Home sales in Canada remain high, despite the harsh winter and return to COVID-19 lockdowns. The demand isn’t slowing down, particularly in the largest housing market. Greater Toronto Area (GTA) Toronto led the way following a 52.4% year-over-year increase in January 2021.
Based on data from the Toronto Regional Real Estate Board (TRREB), the average selling price for all homes sold in the region rose 15.5% to $967,885, with 6,928 home transactions in total. Will the housing market sustain the torrid pace and not spiral out of control soon?
Unprecedented COVID year
The global pandemic did not dampen the overall housing market demand in 2020. Instead, it was an unprecedented year and a record-breaking December for Canada’s real estate. Jason Mercer, the chief analyst at TTREB, said an economic resurgence post-vaccine and supportive demographic trends would likely push prices higher.
In Toronto, larger homes posted the highest annual price increase. Detached homes now sell at $1.35 million on average — a 31% year-over-year jump. For sold semi-detached and townhouses, the average prices increased by 26% and 32%, respectively. Only the condo market remains weak, with a 5% decrease in average prices.
Factors for pent-up buyer demand
Other housing markets saw a growth surge in home sales during the month. Ottawa reported a remarkable 21% year-over-year increase in residential-property class home sales. The Real Estate Board of Greater Vancouver (REBGV) said that residential home sales in the region rose by 52.1% compared with January 2020.
Market analysts say the pent-up demand and continued growth in Canada’s housing market are due to the loose monetary policy, especially the record-low mortgage rates. The Bank of Canada is likely to keep rates low until 2022. Also, a tight inventory of available properties will help drive prices higher.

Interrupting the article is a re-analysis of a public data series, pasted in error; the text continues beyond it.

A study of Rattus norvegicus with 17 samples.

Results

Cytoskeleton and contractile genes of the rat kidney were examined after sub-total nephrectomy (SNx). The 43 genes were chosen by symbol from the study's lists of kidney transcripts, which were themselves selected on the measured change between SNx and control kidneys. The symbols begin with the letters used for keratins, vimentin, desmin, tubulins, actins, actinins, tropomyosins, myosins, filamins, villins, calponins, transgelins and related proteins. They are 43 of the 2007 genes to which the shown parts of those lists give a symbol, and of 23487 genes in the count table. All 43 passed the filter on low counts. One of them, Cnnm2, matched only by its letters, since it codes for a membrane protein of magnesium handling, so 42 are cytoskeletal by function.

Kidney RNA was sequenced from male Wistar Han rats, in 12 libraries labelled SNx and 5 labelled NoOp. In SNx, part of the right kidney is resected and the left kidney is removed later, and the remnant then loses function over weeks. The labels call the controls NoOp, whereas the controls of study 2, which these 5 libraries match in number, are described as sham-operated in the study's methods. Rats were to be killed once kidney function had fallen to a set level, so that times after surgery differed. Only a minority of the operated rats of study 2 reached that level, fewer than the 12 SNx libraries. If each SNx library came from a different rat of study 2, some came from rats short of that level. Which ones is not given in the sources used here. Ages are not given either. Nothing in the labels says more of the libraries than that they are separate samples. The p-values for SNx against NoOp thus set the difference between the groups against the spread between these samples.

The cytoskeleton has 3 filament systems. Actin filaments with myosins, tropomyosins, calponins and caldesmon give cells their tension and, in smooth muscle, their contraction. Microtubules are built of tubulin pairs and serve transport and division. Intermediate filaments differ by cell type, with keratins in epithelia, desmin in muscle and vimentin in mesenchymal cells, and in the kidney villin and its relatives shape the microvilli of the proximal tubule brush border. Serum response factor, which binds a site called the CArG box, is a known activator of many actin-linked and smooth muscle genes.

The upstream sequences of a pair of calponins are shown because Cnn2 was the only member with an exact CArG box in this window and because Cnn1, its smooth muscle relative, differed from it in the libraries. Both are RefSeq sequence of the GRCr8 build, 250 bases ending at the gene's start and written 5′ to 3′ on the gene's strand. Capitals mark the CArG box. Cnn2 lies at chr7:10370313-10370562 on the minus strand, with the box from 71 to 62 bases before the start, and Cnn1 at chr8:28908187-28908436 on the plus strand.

Only a few experts expect a wave of delinquencies, defaults, or foreclosures in 2021. Debt levels are higher today than 30 years ago, although interest rates are exceedingly lower. According to Moody’s Analytics, if home prices were to fall, it would only be by 5% or thereabout.
Superb passive-income machine
Despite the surging housing market, real estate investment trusts (REITs) didn’t roar in 2020. Instead of a boom, Canadian REITs in the retail and office sectors suffered heavy losses. However, the 2021 Global Real Estate Outlook expects Canadian REITs to deliver 10-12% this year.
If you want exposure to the real estate sector, Summit Industrial (TSX:SMU.UN) is a passive-income machine (3.93% dividend). Industrial REITs have been resilient throughout the pandemic, partly due to the e-commerce explosion. The light industrial properties of this $2.29 billion REIT are highly marketable and for generic use.
E-commerce retailers can use the real estate properties as distribution hubs, warehouses, and storage facilities. Other uses for the best-in-class assets are call centres, light assembly and shipping plants, and service centres. In 2020, the stock delivered a total return of 18.4%. Analysts forecast the price to climb 11% to $15.25 in the next 12 months.
Threats to the housing market
While Canada’s housing market remains resilient, there are threats to further growth. Among them are further lockdowns, a slow vaccine roll-out, and a depressed job market. Also, the upward trend might not hold if there’s no real wage growth.